Some journals are read and cited more than others. Measuring the impact of a journal may help authors identify where to publish as well as how much visibility their research may expect in return. It is important to note that journal impact measures vary among research disciplines due to differing citation behavior and thus cannot be directly compared.
A journal’s Impact Factor averages the number of recent citations to the journal by the number of articles it recently published. The 2009 Impact Factor is calculated by taking the number of citations made in 2009 to articles published in the journal in 2007 and 2008, and dividing by the total number of that journal's 2007 and 2008 articles. Therefore the Impact Factor of a journal only considers a brief period and can change from year to year. Impact Factor can be viewed in either of ISI’s two data sources:
- Find a journal’s Impact Factor: use Web of Knowledge to search by journal title. In an article record, click “View the journal's Impact Factor (in Journal Citation Reports)” in the right-hand box under Additional Information.
- Compare journals in a subject discipline: use Journal Citation Reports to view a journal’s Impact Factor with others in its discipline. Learn more about using Journal Citation Reports by watching this video tutorial.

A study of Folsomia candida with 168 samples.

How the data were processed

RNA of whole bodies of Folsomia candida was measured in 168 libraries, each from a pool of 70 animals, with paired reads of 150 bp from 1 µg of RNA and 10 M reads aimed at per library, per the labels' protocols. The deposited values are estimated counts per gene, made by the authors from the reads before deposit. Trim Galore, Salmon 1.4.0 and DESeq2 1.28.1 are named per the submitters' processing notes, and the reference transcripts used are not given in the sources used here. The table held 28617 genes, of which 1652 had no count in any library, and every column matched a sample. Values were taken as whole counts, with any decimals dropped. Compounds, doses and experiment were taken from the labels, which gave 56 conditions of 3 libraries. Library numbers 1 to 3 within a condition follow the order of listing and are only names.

SCImago Journal Rank (SJR)
The SJR is a free website based on the citation data tracked in Elsevier’s Scopus database. The ranking system works like the Google PageRank algorithm as it incorporates citation data as well as relationships among journals (via citations).
- Search for a journal’s rank by title in SCImago’s “Journals Search” tab.
- List journals by subject using the SCImago “Journal Rankings” tab.
A journal’s Eigenfactor Score counts the citations made to a journal over time, but gives more weight to the citations from highly ranked journals than weaker ones, another use of PageRank theory. Therefore Eigenfactor ranks the overall impact of a journal, and not the impact of articles within that journal.
- Eigenfactor.org reports a journal’s Eigenfactor Score, a measure comparable to a journal’s Impact Factor, and Article Influence.
- ISI Journal Citation Reports also lists Eigenfactor Score and Article Influence.
SCImago Journal Rank calculates a journal’s h-index, or the number of articles in a journal (h) that have received at least h citations.
"Why the Impact Factor of Journals Should not be Used for Evaluating Research" by P. O. Seglen (1997) in the British Medical Journal.